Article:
There have never been so many out-as-LGBT athletes at the Olympics, and the percentage growth in just 8 years has been staggering.
La basketteuse américaine Elena Delle Donne parle avec son coach Geno Auriemma pendant un match contre l'Espagne aux Jeux de Rio, le 8 août 2016. (AP Photo/Carlos Osorio)

Greg Louganis won two consecutive golds in the 1984 and 1988 Olympic Games as a diver, but it wasn't until he was retired that he could show up at the opening ceremony to the 1994 Gay Games in New York and say, " "Welcome to the Gay Games, it's great to be out and proud."

Flash forward 22 years, and another Olympic diver, Britain's Tom Daley, frequently posts adorable pictures of himself with his fiancé while competing in Rio. Daley is one of 47 publicly out-of-the-closet as LGBT athletes competing this year, a record-breaking number, according to Outsports, which has kept track of athletes who have announced their sexuality to the media for every summer Olympics since 2008.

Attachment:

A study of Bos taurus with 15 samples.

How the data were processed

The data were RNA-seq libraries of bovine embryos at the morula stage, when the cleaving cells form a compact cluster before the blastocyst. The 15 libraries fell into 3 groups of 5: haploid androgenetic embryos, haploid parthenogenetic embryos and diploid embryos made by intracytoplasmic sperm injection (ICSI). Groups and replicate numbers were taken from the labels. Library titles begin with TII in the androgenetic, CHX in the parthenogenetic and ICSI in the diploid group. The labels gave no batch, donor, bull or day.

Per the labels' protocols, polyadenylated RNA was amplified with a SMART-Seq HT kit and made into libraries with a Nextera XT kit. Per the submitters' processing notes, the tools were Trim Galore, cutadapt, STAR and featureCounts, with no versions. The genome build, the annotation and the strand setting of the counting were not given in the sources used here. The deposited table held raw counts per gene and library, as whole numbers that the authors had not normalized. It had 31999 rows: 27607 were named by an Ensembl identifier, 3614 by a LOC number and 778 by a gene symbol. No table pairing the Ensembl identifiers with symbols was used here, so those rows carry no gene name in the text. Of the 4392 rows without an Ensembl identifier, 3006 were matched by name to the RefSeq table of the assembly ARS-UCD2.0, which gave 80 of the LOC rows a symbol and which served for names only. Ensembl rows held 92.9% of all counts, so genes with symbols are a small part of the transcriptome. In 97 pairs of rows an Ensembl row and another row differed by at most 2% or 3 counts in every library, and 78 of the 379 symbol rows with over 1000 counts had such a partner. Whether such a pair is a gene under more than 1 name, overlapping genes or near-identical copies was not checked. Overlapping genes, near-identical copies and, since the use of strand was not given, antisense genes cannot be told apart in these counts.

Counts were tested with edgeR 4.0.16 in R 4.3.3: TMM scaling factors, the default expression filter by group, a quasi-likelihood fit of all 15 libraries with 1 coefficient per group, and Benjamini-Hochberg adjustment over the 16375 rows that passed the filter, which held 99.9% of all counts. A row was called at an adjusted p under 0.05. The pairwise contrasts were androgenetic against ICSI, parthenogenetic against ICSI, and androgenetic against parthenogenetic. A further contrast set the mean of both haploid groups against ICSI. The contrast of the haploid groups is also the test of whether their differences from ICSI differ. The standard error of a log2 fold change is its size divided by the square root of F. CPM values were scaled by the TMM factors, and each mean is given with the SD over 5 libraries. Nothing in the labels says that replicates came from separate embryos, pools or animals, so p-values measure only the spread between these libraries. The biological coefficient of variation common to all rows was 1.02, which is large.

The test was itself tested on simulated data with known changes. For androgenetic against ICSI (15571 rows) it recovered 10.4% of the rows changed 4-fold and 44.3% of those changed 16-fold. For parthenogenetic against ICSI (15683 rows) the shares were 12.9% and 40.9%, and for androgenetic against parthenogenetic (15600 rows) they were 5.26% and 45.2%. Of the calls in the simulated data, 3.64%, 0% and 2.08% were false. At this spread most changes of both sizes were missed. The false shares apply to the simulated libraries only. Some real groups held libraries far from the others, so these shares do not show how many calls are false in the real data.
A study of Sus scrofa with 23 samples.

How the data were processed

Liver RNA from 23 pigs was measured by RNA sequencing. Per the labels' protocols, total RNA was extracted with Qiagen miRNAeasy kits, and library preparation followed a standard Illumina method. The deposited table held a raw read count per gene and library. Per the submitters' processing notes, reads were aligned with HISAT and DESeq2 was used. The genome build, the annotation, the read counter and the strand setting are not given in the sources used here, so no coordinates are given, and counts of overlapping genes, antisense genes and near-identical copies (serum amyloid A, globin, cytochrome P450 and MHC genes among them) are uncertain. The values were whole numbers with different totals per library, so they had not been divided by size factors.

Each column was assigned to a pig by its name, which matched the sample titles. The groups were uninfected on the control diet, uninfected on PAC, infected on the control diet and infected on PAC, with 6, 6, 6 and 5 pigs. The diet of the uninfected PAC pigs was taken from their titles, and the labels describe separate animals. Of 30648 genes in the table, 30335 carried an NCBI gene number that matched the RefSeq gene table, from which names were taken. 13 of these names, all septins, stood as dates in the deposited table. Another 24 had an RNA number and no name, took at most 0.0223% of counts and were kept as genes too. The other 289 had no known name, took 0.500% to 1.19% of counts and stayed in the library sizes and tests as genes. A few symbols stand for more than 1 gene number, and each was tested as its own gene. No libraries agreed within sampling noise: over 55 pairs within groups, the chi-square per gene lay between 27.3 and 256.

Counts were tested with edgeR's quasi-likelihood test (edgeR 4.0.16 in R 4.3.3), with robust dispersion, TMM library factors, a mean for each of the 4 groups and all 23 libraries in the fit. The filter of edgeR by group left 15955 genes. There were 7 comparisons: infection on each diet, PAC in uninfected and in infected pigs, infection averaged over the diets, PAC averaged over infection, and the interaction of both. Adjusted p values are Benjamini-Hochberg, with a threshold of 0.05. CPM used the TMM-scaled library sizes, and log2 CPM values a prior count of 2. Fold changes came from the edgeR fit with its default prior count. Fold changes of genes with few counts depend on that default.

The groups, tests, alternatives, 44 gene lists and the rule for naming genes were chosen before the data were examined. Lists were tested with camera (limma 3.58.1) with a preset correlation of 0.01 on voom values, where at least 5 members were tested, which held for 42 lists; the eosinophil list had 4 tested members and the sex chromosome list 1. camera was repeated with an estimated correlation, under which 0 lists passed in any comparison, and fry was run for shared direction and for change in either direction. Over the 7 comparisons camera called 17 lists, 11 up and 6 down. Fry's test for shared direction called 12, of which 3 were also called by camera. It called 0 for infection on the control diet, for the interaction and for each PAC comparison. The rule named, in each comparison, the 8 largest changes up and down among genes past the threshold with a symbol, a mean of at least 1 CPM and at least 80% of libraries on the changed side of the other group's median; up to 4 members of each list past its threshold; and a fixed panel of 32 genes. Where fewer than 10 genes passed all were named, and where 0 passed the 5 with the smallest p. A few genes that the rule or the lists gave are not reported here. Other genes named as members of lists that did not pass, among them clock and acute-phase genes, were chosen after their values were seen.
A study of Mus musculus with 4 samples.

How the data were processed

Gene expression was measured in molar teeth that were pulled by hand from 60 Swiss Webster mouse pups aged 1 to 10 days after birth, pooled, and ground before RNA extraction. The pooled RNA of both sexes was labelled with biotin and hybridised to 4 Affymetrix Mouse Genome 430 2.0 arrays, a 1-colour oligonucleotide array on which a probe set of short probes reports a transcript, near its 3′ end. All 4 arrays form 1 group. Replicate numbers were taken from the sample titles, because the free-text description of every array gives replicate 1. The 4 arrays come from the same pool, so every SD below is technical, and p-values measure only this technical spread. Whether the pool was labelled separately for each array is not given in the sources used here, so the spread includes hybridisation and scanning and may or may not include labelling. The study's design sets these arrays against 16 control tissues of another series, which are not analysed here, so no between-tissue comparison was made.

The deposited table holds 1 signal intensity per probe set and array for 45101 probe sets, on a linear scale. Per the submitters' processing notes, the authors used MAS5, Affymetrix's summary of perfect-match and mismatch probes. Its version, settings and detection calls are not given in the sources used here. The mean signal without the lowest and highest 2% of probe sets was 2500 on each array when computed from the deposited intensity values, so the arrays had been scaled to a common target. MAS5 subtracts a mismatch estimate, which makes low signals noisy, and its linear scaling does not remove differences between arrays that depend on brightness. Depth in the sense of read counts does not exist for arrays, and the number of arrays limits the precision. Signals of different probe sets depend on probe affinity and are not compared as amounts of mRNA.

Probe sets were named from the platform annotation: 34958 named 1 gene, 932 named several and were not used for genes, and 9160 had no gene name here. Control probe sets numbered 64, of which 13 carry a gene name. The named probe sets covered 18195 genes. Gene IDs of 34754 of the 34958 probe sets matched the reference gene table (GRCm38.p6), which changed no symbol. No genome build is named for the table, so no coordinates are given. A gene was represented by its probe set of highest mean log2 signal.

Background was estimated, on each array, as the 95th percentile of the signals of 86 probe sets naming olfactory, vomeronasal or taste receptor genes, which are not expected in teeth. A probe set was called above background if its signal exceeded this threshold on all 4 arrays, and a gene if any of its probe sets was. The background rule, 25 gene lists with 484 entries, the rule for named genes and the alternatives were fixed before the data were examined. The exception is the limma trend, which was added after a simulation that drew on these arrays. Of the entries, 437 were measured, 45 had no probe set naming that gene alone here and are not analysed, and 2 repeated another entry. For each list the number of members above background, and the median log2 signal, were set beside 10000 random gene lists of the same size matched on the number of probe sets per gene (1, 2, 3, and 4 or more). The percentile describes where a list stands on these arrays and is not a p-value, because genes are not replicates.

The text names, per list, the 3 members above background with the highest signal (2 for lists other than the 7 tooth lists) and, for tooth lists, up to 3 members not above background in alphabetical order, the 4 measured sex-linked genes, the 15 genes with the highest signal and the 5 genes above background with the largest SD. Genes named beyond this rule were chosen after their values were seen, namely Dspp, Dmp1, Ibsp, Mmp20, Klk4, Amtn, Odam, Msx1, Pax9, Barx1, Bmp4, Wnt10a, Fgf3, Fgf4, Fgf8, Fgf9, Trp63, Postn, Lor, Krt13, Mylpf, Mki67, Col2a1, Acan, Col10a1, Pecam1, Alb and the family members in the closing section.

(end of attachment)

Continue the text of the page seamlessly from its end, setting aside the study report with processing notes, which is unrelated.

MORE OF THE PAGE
And the numbers have certainly grown: At the 2008 Olympics in Beijing, just 11 athletes publicly identified as LGBT; at the 2012 London Games that number grew to 23.

In Rio, out LGBT athletes include British diver Daley, US basketball players Seimone Augustus, Elena Delle Donne, and Angel McCoughtry. There is even a married couple playing together on the British field hockey team: Helen Richardson-Walsh and Kate Richardson-Walsh.

First-ever married same-sex couple to play together in #Olympics starts with win #TeamLGBTI
— Outsports (@outsports) August 7, 2016

The 2016 Olympics are also the first to feature an out trans athlete: the US sprint duathlon team's Chris Mosier, who rose to fame when he starred in a Nike ad. These are the first Olympics in which trans people are allowed to compete without undergoing first surgery. The International Olympic Committee introduced new rules on trans athletes in 2015.